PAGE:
Postby Tichama » Mon Feb 10, 2014 3:07 pm

My name is Tim and I would like to be certain regarding the understanding of the ancient Greek text I am reading. I'm beginning in Matthew chapter 1 and have already noticed a couple of interesting things. For instance I found this text in the early Codex Purpureus Rossanensis (Σ) (6th century):

Ιωσηφ υιος ΔΑΔ μη φοβηθης παραλαβειν Μαριαμ την γυναικα σου· το γαρ εν αυτη γεννηθεν εκ πνευματος εστιν αγιου·


This is the generally accepted translation of the verse:

Joseph son of David, do not be afraid to take Mary as your wife, for that which is conceived in her is of the Holy Spirit.


but when I do a direct translation using Wiki Lexicon and Concordance of the Greek New Testament
I get this:
Joseph son David not fear take Mary the wife you; the for one this give birth to out of spirit be holy.


which brings me to believe the subject of "holy" is the "one" not the "spirit" which means Mary gives birth to one who is holy, by the power of the spirit.

would not a better translation then be

Joseph son of David, do not fear to take Mary as your wife; for the one she will give birth to by spirit is holy


I would like to do the entire Christian Greek scriptures using the wiki lexicon word for word but that will take a long time.

Postby Markos » Sat Jul 05, 2014 11:22 pm

Tichama wrote:
Ιωσηφ υιος ΔΑΔ μη φοβηθης παραλαβειν Μαριαμ την γυναικα σου· το γαρ εν αυτη γεννηθεν εκ πνευματος εστιν αγιου·

This is the generally accepted translation of the verse:
Joseph son of David, do not be afraid to take Mary as your wife, for that which is conceived in her is of the Holy Spirit.

but when I do a direct translation using Wiki Lexicon and Concordance of the Greek New Testament
I get this:
Joseph son David not fear take Mary the wife you; the for one this give birth to out of spirit be holy.

which brings me to believe the subject of "holy" is the "one" not the "spirit" which means Mary gives birth to one who is holy, by the power of the spirit.

would not a better translation then be
Joseph son of David, do not fear to take Mary as your wife; for the one she will give birth to by spirit is holy


No, it would not be. If you understood the rudiments of how the cases work, you would know that ἁγίου has to go with πνεύματος and cannot go with τὸ γεννηθέν. But that's not what I want to talk about.

I'm translating the Christian Greek scriptures...


Really? Do you know Greek? Do you know ANY Greek? I happen to know New Testament Greek very well. I have read it cover to cover dozens of times. I can pick up the text and understand every word without looking anything up in a dictionary. I can also speak and write it a little (though very poorly.) I have also read lots of Greek outside the New Testament including Homer and Attic et. al.

And I would never, EVER consider translating the Greek New Testament into English. Why? 1. There are already many excellent translations, including at least one (The King James Bible) which happens to be a masterpiece of world literature. And 2. In order to translate the Greek New Testament, you have to know New Testament Greek, and once you know New Testament Greek, the last thing you want to do is think in terms of translation. The whole point of spending years and years learning New Testament Greek is so that you do not HAVE to translate it, so that you come to accept Greek, finally, as Greek.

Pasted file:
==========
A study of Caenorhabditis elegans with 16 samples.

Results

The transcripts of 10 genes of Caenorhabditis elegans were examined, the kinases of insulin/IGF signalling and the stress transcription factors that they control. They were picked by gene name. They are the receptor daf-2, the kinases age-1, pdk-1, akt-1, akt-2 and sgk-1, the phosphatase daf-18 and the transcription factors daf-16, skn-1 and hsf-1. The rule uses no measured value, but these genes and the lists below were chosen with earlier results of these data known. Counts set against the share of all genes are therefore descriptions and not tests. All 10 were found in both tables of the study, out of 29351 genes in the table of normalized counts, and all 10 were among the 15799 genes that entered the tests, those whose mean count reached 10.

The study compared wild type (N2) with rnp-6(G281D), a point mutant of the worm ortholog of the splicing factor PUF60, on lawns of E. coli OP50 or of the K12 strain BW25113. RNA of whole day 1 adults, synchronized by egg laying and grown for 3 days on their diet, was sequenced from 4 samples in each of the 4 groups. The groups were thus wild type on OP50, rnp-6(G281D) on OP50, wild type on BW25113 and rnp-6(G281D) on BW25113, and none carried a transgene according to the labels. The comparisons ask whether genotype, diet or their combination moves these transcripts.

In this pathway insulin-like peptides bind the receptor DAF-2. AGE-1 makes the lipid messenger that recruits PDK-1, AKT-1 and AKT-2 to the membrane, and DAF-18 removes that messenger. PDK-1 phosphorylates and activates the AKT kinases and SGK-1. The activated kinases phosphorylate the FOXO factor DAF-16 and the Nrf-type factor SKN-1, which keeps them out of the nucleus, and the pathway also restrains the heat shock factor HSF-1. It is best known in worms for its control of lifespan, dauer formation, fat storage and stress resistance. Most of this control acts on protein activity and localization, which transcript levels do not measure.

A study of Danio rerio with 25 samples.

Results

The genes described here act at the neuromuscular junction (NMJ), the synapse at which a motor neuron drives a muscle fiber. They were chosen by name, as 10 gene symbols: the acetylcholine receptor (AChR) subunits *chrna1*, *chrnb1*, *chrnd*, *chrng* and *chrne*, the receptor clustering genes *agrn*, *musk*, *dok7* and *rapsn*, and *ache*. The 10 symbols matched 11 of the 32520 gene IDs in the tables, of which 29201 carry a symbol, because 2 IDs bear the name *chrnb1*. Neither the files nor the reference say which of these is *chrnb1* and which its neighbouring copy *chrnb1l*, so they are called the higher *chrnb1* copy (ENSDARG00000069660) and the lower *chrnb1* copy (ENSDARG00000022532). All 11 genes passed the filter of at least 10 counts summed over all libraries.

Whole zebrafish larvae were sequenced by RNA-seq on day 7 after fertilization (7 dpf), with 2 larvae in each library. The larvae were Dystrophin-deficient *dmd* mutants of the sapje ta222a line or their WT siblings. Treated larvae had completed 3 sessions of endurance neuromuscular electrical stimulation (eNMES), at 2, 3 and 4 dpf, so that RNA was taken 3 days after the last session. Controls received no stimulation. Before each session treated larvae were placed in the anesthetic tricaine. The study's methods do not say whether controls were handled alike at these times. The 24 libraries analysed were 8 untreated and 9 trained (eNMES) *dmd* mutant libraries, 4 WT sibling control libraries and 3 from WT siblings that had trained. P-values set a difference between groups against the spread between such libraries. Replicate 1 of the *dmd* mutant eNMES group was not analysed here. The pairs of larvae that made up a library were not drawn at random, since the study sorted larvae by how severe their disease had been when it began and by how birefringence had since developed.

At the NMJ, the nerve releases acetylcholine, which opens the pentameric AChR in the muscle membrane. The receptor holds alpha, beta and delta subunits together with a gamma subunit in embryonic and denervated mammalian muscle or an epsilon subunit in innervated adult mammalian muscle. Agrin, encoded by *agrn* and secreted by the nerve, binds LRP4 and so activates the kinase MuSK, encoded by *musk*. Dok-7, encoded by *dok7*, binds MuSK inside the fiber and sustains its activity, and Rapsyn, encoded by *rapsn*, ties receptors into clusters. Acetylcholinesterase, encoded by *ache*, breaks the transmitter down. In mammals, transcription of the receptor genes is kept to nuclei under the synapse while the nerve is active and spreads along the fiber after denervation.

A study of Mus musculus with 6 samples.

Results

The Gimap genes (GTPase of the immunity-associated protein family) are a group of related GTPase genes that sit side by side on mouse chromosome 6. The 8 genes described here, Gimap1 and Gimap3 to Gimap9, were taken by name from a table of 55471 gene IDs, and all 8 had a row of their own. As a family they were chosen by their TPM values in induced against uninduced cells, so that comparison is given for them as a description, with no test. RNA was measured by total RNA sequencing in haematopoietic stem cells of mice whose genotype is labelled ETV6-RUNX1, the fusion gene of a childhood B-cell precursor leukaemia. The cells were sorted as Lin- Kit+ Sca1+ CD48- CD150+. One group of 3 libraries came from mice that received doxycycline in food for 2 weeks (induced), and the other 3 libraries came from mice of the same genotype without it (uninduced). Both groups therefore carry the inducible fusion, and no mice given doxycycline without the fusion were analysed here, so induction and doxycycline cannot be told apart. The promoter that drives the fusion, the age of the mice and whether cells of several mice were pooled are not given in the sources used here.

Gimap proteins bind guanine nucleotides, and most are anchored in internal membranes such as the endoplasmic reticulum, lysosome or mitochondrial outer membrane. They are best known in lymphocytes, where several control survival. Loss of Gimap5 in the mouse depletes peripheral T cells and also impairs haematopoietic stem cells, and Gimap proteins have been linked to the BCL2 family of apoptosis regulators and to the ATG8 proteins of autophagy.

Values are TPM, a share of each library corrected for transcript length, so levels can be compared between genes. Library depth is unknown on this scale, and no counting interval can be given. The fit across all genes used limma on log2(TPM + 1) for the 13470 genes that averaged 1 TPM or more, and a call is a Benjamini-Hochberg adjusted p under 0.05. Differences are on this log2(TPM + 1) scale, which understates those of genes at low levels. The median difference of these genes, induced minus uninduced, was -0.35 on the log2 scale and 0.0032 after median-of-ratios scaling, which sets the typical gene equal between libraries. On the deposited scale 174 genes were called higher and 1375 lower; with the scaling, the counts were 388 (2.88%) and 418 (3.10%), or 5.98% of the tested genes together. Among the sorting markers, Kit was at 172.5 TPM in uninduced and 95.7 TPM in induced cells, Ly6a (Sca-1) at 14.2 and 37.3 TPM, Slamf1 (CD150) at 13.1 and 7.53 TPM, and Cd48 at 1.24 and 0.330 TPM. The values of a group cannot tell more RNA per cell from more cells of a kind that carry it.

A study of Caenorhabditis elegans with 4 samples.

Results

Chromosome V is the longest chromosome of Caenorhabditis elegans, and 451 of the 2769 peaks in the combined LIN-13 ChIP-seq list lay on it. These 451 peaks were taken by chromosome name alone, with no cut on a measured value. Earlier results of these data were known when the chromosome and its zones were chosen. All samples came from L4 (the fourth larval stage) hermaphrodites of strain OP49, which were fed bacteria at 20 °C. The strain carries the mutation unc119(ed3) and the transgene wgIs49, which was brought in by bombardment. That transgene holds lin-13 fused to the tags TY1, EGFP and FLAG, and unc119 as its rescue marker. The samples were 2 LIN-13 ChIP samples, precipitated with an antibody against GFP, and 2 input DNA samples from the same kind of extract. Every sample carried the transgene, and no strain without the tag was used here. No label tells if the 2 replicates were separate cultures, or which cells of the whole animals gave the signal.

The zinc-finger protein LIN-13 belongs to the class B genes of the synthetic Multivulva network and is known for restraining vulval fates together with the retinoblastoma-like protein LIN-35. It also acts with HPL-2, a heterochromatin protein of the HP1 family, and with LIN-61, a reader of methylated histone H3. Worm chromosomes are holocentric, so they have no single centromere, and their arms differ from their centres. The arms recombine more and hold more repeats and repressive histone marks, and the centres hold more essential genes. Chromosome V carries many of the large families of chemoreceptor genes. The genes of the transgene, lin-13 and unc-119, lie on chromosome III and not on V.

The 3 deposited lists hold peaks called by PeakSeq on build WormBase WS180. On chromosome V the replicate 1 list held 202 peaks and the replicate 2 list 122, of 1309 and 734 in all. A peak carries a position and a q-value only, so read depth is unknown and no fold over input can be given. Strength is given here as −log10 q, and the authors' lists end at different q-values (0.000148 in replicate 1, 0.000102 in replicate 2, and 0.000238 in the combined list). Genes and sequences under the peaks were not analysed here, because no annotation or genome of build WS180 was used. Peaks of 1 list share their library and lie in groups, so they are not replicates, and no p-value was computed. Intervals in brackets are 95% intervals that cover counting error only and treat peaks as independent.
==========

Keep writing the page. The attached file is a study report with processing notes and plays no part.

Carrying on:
χάρις σοι καὶ σοῖς ἐν ὀνόματι Ἰησοῦ Χριστοῦ, φίλε Τιμόθεε!

Postby jeidsath » Sun Jul 06, 2014 1:01 am

If you understood the rudiments of how the cases work, you would know that ἁγίου has to go with πνεύματος and cannot go with τὸ γεννηθέν.


Markos means to say that πνεύματος is genitive, while the noun phrase το ... γεννηθὲν is nominative, so πνεύματος goes along with ἁγίου. That said, this verse does feel a little different from what I'd expect given the NASB and KJV translations, which would be: τὸ γὰρ ἐν αὐτῇ γεννηθὲν ἐκ τοῦ πνεύματος τοῦ ἁγίου ἐστίν.

As usual, those modern day Arians, the Jehovah's Witnesses, have a very defensible translation here: "for what has been conceived in her is by holy spirit." In verse 18, they have this footnote to similar words: "or active force," which could open up a whole discussion about Genesis 1, the Septuagint, Hebrew and Greek, Jews and Christians, and so on, if we were to let ourselves be distracted.

Also, notice how the "ἐκ πνεύματος ἁγίου" of verse 18 has here been broken up around the verb ἐστιν (which really is not about the two words it's inserted between). That's perfectly allowed by Greek word order, but I feel that it has the effect of inserting an invisible "which is" there (but considerably weaker than in English). But maybe it's something to do with how ἐστιν works between a pair of noun phrases.

Markos is completely right that you have a number of years of study ahead of you before translating the New Testament. But he is cheerier about the translation situation than I am. Committee translations have no soul, and that's all that we've gotten for decades! Spend a few years learning Greek, and do a good work by translating something that gives men some of the life of the originals. A Robert Alter for the NT.

Postby Tichama » Tue Sep 16, 2014 6:09 am

Thanks guys, I appreciate your comments. Perhaps I should just take the King James and update the old words to newer ones. Two reasons why I think I should do another translation, one is I find it upsetting that persons have decided to change the meaning to support an idea, the other one is copyright laws prohibit use in some cases. I have gotten used to reading the Greek translated, but not the original Greek text. I would need to take a course, I just learned from a book it's not the same.

What if I just post the translation bit by bit here for people to proofread?